Blog

Blog Author:
McCall Hollie, Duke Univ Women's Center Intern, Class of 2016

We had just wrapped up at the Istanbul Archaeology Museum, drained from taking in all the incredible history exhibited in the museum’s three buildings. The consensus was to take the tram to a spot for lunch, then hop on it again to find a baklava shop we’d heard is amazing. The tram is one of several fantastic methods of public transportation used by what feels like everyone (at the same time) in the city of Istanbul. A seat on the bus, metro, or tram is a highly coveted spot that is not easily attained. In fact, sometimes just getting on any of these vehicles is a nearly impossible feat because they are so crowded. “Maximum Capacity” doesn’t seem to be a concept as firmly held here as it is in the U.S.

Departments:
Blog Author:
Sean Novak and India Pierce

 

Collaboration & Change for a Common Good
A Reflection on Collaboration in Campus Life
India Pierce and Sean Novak

 

One way that we can work effectively to create change for a common good is to work collaboratively across communities. With this in mind, India Pierce from the Center for Sexual & Gender Diversity (CSGD) came together with Sean Novak from the Center for Multicultural Affairs (CMA) to create a program that explored the intersections of race and sexual orientation. As part of the CMA’s En/Countering Racism series (E/C), they created a program for students to gather and explore intersectionality. This was done in order to deepen participants’ understanding of themselves and others as a means to building stronger coalitions for social justice.

Blog Author:
Sheila Broderick, LCSW

Will you help me? Today, I am on my “Relationship Soapbox.”  I invite you to get mad with me and spread the word.  First, I supply context.  Something like 18 times a week, I hear some version of this from friends, neighbors, family and students:

“Me and this guy, this girl, this friend (insert whatever nomenclature fits here) are “hooking up” but we are not in a relationship.”  Let’s suspend my irritation with the laziness of the “hooking up” verbage.   I will save that rant for another blog.  For today, I will focus on the silliness of the notion of sexual intimacy without a relationship.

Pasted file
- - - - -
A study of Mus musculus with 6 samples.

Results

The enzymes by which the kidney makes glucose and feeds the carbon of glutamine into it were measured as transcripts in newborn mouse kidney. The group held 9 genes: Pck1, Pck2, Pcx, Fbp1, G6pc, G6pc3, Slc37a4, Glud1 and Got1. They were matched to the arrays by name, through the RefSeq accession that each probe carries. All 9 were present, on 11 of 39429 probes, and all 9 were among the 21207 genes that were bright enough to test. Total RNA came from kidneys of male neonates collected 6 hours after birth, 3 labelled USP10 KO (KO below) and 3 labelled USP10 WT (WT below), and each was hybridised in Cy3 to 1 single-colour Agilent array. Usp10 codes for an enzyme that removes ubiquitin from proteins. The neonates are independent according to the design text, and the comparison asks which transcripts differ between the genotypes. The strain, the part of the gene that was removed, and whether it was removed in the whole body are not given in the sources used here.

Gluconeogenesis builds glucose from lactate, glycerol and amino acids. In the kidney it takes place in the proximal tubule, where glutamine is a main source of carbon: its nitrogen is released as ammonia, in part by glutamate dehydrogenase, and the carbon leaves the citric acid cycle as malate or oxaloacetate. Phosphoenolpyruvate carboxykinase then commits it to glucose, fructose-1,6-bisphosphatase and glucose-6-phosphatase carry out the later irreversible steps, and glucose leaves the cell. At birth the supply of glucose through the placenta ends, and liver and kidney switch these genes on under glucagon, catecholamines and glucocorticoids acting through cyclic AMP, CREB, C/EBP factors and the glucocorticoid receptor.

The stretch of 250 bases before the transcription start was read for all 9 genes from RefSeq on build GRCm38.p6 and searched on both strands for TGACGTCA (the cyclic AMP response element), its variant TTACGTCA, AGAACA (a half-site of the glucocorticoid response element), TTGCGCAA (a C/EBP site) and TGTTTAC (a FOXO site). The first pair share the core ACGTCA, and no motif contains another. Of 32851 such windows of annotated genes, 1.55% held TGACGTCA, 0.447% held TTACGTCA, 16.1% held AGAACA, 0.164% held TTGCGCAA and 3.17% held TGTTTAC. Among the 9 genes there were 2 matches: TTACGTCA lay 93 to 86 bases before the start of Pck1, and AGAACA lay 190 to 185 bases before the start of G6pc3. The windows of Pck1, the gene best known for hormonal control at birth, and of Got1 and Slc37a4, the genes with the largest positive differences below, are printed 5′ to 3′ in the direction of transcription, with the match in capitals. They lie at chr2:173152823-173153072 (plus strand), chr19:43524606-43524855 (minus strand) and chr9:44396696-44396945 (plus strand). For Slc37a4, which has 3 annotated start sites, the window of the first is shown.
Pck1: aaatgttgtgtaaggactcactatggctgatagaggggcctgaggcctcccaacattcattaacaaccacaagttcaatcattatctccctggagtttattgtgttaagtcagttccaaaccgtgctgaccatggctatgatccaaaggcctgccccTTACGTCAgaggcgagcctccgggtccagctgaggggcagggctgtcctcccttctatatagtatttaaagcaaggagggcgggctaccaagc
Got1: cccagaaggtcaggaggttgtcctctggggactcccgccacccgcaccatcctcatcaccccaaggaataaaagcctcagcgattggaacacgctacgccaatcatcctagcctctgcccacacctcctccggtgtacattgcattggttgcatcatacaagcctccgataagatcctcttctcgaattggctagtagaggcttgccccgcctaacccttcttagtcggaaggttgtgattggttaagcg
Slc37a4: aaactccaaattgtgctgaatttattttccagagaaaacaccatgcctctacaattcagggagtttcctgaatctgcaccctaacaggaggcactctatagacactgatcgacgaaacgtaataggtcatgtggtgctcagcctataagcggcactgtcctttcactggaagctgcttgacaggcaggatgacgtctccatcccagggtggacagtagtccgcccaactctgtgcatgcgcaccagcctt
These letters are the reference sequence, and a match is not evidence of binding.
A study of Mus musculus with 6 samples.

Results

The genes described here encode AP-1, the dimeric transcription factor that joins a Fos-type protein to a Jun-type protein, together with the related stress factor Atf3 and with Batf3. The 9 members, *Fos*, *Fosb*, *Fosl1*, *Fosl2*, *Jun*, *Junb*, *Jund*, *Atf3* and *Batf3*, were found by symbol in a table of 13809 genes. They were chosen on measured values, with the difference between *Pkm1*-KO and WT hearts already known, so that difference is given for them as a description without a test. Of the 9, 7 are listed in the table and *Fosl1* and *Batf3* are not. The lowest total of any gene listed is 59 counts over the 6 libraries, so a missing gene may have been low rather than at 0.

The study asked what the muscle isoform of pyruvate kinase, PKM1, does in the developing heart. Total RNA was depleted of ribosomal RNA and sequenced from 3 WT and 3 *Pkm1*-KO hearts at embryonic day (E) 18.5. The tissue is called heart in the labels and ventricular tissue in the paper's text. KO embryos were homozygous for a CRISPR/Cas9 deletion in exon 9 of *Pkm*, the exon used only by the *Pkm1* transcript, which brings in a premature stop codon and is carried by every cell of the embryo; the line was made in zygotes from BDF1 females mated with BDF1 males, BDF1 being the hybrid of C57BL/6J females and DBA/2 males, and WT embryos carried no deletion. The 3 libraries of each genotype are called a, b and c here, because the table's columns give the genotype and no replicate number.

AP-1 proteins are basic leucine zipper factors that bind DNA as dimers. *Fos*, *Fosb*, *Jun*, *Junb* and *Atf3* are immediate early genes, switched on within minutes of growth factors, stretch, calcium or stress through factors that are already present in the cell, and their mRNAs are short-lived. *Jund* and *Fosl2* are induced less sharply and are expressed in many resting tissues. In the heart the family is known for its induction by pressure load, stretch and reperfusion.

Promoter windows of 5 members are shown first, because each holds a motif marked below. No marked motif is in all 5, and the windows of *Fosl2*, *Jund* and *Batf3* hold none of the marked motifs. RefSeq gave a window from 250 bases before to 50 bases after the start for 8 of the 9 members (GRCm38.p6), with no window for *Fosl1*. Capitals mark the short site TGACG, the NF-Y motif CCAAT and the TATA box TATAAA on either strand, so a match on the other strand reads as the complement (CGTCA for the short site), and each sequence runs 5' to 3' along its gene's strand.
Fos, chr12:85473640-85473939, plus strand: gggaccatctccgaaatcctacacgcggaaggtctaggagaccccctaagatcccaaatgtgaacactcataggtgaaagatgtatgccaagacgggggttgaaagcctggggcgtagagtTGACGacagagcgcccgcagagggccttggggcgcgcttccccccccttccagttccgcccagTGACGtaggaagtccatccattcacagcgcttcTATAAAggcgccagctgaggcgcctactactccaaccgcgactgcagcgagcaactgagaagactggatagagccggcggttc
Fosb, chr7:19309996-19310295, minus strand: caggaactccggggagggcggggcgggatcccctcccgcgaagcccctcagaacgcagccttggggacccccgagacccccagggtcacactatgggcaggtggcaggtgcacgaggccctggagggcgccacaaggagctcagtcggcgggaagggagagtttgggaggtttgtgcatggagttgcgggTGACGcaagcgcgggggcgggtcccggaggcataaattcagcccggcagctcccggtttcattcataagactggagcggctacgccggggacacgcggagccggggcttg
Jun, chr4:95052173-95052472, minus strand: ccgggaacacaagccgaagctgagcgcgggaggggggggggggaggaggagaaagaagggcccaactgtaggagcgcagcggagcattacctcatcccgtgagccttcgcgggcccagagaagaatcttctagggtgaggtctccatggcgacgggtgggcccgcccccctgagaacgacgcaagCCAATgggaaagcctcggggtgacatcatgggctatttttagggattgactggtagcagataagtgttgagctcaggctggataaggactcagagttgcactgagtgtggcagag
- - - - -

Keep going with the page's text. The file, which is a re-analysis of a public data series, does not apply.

Departments:
Blog Author:
Sheila Broderick, LCSW

It really is true what they say about being a parent.  One day their little chubby hand in yours crossing the street, telling you they want to live with you forever.  And the next, packing up and going to college.  I used to think of this as such a desperately sad thing.  But I have come to understand that these are the thin places, where the sacred meets the profane.  And you don’t get one without the other.

I walk around campus now and it is teeming with beautiful faces.  And while so often we wish for the quiet of the summer, I have to admit; it’s good to see everyone again.  Once again, I am part of a tribe, a thin place.

Departments:
Blog Author:
Sheila Broderick, LCSW

Blog Author:
Sheila Broderick, LCSW


 

First, I will say actually you should be talking to the men and boys in your life about the daily realities of violence toward women because we will never make any progress until 50% of the population stops absorbing this problem as a way of protecting the feelings of the men in their lives.

 

Departments:

By Write(H)ers participant Erin Sweeney, T'13

Boston College refuses to allow students, administrators, or health providers to distribute condoms, does not mention any other method besides abstinence as an effective means to prevent STI’s and HIV/AIDS on their website, and will only prescribe oral contraceptives to women who claim that they are taking the pill for “other reasons” besides birth control.

Departments:

The students are always asking me what I do over the summer when they are not here on campus.  Indeed….what does the staff do when they are not around?  This summer, my Duke loves, I was introduced to impermanence and the power of steadfast resolve.

I was hiking and camping in Utah with friends.   For 5 days, Marty, more like a brother than colleague, would say “Sheila, all it takes is wind, water and time” when I would remark on the leveling of the mountains into oceans of sand.  These flat dessert sands interrupted by tall humanoid mountains reminded me of the power of patiently waiting.  All it took to create this unfamiliar Utah landscape was wind, water and time.